Yoga and alcoholism may sound like an odd combination but the truth is that yoga is helpful as part of addiction recovery. Yoga supports wellness in ways that make it an excellent addition to a holistic drug addiction treatment program when used along with traditional treatment methods. Living in sobriety successful requires that individuals work through the issues that led to their alcoholism or addiction. In addition, new coping skills must be learned. Yoga can help both issue resolution and provide new coping mechanisms for dealing with life’s stressful moments.
What is yoga?
Yoga is a comprehensive system for well-being that was developed up to 5,000 years ago in India to heal the entire person – physically, mentally, emotionally and spiritually. It is comprised of a healing system of postures and breathing techniques that enhance the person’s fitness, mental clarity and vitality, while also offering stress relief, peace of mind and spiritual growth.
Yoga and alcoholism or drug addiction
Unfortunately, millions of people suffer from alcoholism or an addiction to another substance. Diagnosing alcoholism can be difficult, and it is hard for individuals to seek treatment because of a negative social view of persons who suffer with drug abuse and drug addiction. Addiction is frequently accompanied by either or both physical or mental health disorders. Success in sobriety is best achieved when the entire person is in a state of good health. Holistic treatment is designed to treat the mind, body and soul, and yoga fits very well as a part of a holistic program.
Alcoholics tend to dissociate from their body. Generally speaking, it is likely a function of denial because being aware and conscious of the damage being done to their bodies would cause them to slow down from their drinking habits. The alcoholic brain needs denial order to get what it needs.
The dissociation may be similar to traumatic splitting. Alcoholism causes individuals to justify, rationalize, and minimize dangerous and destructive behavior. An embodiment of this split from the alcoholic and their body are blackouts. Blackouts are literally a shut down from the body. The alcoholic body and mind are becoming farther and farther apart, and the alcoholic accepts all of their symptoms as normal.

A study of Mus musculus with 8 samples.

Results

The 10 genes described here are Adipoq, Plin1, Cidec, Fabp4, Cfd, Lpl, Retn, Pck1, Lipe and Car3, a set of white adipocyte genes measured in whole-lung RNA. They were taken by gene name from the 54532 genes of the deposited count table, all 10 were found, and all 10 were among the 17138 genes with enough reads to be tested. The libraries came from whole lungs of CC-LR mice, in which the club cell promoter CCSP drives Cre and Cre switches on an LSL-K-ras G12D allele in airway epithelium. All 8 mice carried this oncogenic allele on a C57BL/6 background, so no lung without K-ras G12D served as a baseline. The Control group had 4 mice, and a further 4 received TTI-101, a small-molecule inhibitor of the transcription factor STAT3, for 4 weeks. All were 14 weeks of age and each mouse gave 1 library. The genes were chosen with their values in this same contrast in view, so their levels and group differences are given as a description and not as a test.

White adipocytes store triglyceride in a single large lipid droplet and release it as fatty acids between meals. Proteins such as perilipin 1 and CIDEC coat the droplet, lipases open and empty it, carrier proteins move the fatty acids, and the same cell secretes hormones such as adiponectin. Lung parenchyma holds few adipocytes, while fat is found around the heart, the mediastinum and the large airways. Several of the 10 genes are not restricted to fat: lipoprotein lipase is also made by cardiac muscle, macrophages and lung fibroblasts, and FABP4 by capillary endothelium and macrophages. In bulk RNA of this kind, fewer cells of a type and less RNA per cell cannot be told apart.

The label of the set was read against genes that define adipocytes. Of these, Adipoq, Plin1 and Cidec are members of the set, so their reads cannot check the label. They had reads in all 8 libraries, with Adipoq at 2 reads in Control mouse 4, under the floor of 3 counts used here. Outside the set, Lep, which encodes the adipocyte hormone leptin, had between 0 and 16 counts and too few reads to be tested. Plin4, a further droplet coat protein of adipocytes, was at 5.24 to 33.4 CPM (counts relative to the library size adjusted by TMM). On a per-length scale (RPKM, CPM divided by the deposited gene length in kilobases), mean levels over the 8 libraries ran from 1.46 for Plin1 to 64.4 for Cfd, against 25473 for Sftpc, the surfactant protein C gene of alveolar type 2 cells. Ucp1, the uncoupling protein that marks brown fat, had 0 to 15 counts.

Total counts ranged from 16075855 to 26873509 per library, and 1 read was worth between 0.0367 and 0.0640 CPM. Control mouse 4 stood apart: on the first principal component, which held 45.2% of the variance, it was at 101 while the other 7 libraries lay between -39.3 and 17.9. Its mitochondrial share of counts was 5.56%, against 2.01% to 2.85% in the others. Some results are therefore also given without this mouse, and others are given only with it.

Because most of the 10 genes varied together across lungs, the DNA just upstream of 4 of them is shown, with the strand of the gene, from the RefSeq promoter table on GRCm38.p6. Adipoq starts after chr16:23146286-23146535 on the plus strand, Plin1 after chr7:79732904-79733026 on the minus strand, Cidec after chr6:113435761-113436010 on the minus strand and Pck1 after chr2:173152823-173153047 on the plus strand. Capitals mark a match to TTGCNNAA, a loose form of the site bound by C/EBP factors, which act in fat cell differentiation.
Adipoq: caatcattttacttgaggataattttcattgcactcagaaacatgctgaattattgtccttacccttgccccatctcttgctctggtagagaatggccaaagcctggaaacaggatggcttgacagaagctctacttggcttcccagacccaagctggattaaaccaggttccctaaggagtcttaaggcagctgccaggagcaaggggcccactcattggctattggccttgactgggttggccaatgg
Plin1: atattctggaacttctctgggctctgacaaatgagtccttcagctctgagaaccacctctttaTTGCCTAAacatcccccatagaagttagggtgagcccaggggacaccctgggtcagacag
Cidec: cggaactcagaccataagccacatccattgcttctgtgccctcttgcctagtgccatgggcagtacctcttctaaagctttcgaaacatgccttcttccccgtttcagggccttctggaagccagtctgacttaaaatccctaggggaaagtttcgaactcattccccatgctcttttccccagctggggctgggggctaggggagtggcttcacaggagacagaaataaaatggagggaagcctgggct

Yoga and the mind
Yoga is the union of mind and body, and it is also the practice of mindful movement. Mindful movements are something that the alcoholic has gone a long time without. Postures and breathing through yoga can bring the mind into positive and healthy places. The movements can also heal and rebuild the disassociation that the alcoholic suffers from. As the individual suffering from alcoholism continues to practice yoga, they will experience a renewed sense of empowerment. Another positive effect that yoga can have on the alcoholic is they will begin to care about their body. And as the healing continues between their mind and body, this will give them compassionate for it as well.
The danger that many alcoholics face is that they do not know how sick they are or how much damage their bodies are facing. Yoga acts as a detox for this denial, and it stimulates healing in their minds. Over time, yoga teaches the individual to listen to their body and gain a better understanding of it. Not only can yoga let the individual become more in tune with their bodies, but also with their emotions. Emotional and physical healing are things that are incredibly beneficial to alcoholics. This makes yoga and alcoholism an unlikely combination, but it also gives a way out.
The benefits of yoga
Yoga heals the brain
Yoga is a form of meditation. It helps heal the prefrontal cortex of the brain, which is the part of the brain responsible for choice. Unfortunately the prefrontal cortex is damaged by drug or alcohol addiction. Meditation helps heal and restore this area of the brain. Yoga helps restore control of choice for the individual. Yoga also increases control over stress and anxiety levels, and helps to repair the nervous system. Over time the yoga practitioner masters specific breathing exercises that can be used on demand to cope with stress and fear.
Yoga participants learn to draw their awareness from external stimuli, detach from their senses, and direct their attention inward. This leads to a deeper connection with the inner self. Over time the person learns to be more reliant on obtaining peace from within and less reliant on external influences. This reduces the temptations to rely on substances for pleasure and stress relief.
Yoga improves sleep
The act of meditating, with or without yoga, makes it easier to fall asleep. A variety of yoga techniques can help your body and mind ease into sleep and obtain a better quality sleep. Yoga Nidra uses progressive muscle relaxation to bring on relaxation. Yoga can also aid in returning to sleep when you awaken in the middle of the night.
Yoga in addiction treatment
Research has proven the value of adding alternative medicine methods, such as yoga, to support healing in addiction treatment. Yoga provides a compliment to other evidence-based treatment modalities and enhances overall wellness. Staying sober is tough, but is much easier when the person enjoys a healthy mind, body and spirit. Yoga addresses the healing of all three areas of the person. It can heal the brain and nervous system, strengthen the body, and enhance the spiritual mind. This is why yoga is increasingly part of a quality addiction treatment program.